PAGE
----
Here is, courtesy of Thomas de Quincey, the awesomest analogy ever. I’ve been reading his collected works all afternoon and had to post this essay (which states, human brain = palimpsest) because it was so good I felt I needed a cigarette after. Note that this piece was written a full 11 years before Freud entered our roiling world through his agonized mother’s tattered loins. Also note that I have been immersed in Quincey’s prose for hours, thus you must forgive me if mine is currently ever so slightly empurpled.
Anyway, this kind of awesomeness was why I tried to be an academic in the first place, and a Romanticist specifically. The reason why I could not stay an academic is that, when confronted with a text such as this, my natural response is not to apply or relate it to other texts, or to place it in a historical context, or to take little pieces of it to inscribe in my own essay. My natural response is to write a story in which the mental landscape of the protagonist is rendered in a series of overlaid images. No, wait–my natural response is to squeal in delighted recognition because I am already writing a story in which the mental landscape of the protagonist is rendered in a series of overlaid images (there often turns out to be unexpected resonance between what I am writing and what I happen to come across in my reading adventures).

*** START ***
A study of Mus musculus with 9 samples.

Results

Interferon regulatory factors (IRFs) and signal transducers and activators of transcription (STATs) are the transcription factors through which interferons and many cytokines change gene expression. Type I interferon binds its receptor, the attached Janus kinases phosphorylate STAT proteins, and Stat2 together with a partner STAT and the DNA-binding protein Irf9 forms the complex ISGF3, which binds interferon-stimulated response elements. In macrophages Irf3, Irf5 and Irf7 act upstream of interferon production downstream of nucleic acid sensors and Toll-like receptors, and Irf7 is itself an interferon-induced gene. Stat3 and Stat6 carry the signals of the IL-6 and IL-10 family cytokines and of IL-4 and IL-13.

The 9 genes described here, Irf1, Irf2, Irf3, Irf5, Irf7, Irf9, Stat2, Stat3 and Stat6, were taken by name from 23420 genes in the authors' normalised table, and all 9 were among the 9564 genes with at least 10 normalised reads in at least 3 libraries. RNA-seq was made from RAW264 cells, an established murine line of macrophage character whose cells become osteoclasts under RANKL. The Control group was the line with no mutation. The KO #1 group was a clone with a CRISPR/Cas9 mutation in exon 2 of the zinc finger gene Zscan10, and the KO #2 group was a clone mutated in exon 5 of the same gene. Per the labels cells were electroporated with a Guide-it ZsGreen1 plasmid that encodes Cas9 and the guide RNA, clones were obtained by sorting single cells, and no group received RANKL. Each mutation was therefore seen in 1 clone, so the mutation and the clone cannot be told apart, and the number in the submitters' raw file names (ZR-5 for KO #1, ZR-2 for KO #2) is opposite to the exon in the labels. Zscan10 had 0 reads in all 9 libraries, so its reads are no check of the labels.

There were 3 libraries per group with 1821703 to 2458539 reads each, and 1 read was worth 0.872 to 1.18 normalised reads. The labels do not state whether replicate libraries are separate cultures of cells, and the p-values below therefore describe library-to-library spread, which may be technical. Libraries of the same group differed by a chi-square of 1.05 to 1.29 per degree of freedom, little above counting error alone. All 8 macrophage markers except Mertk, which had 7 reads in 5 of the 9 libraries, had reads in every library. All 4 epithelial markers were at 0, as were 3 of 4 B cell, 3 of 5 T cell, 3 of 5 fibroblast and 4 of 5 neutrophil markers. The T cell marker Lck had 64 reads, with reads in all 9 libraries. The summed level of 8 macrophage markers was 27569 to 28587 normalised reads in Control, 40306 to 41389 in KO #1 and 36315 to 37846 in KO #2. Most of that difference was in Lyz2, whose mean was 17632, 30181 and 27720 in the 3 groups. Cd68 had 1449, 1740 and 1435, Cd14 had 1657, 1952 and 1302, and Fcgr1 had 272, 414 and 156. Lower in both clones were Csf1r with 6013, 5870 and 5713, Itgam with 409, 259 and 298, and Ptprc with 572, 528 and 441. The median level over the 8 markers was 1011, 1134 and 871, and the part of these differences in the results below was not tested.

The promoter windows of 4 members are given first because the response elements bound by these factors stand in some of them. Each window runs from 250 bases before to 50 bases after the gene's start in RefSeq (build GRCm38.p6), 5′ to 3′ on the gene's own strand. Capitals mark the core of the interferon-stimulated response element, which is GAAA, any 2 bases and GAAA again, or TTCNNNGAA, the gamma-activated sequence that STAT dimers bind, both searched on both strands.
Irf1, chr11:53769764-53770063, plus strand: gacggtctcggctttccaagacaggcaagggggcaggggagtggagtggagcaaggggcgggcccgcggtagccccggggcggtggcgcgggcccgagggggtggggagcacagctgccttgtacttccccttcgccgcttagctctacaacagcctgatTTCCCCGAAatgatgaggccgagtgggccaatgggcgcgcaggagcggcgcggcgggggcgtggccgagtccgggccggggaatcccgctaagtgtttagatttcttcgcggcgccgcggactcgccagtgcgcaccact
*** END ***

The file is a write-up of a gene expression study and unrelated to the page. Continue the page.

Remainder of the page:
(And yes, of course, written last week: “Oh how happy they are! The man has finally made the girl a woman. Reach out to the image to warm your hand with its soft glow. But when your finger skims it there is a sound like dry leaves and the music stops. You notice it is ever so slightly frayed in the corner, you see? Pull a little and it comes up, it is overlaid on top of something else, another image. Pull some more, it makes a sound like tape being torn up, and expose what is beneath, still dewy and crinkled and unsure of the light like a butterfly unfurling from its chrysalis. Blurry at first, snow. Covering the ground as far as the eye can see, it sometimes stirs itself in rising whorls when the wind breathes on it, and there, in the distance, galloping in from the horizon—a Cossack.”)
Anyway, random advice to aspiring writers out there: yes, support the careers of current authors. Buy their hardcover editions at independent book stores and go to their readings (especially, ahem, the ones whose first books are coming out next February, wink wink nudge nudge). But don’t forget to read dead dudes. Don’t forget that when you’re writing a framed narrative that acknowledges its own “storyness,” you are not being clever in a never-before-seen, post-modern way. Don’t forget that what you’re doing has been done centuries ago, then erased, then done again. Don’t forget that you too will be erased. Yearn for it. Dream that one day you will be a mere particle breathed in by a text that does not yet exist.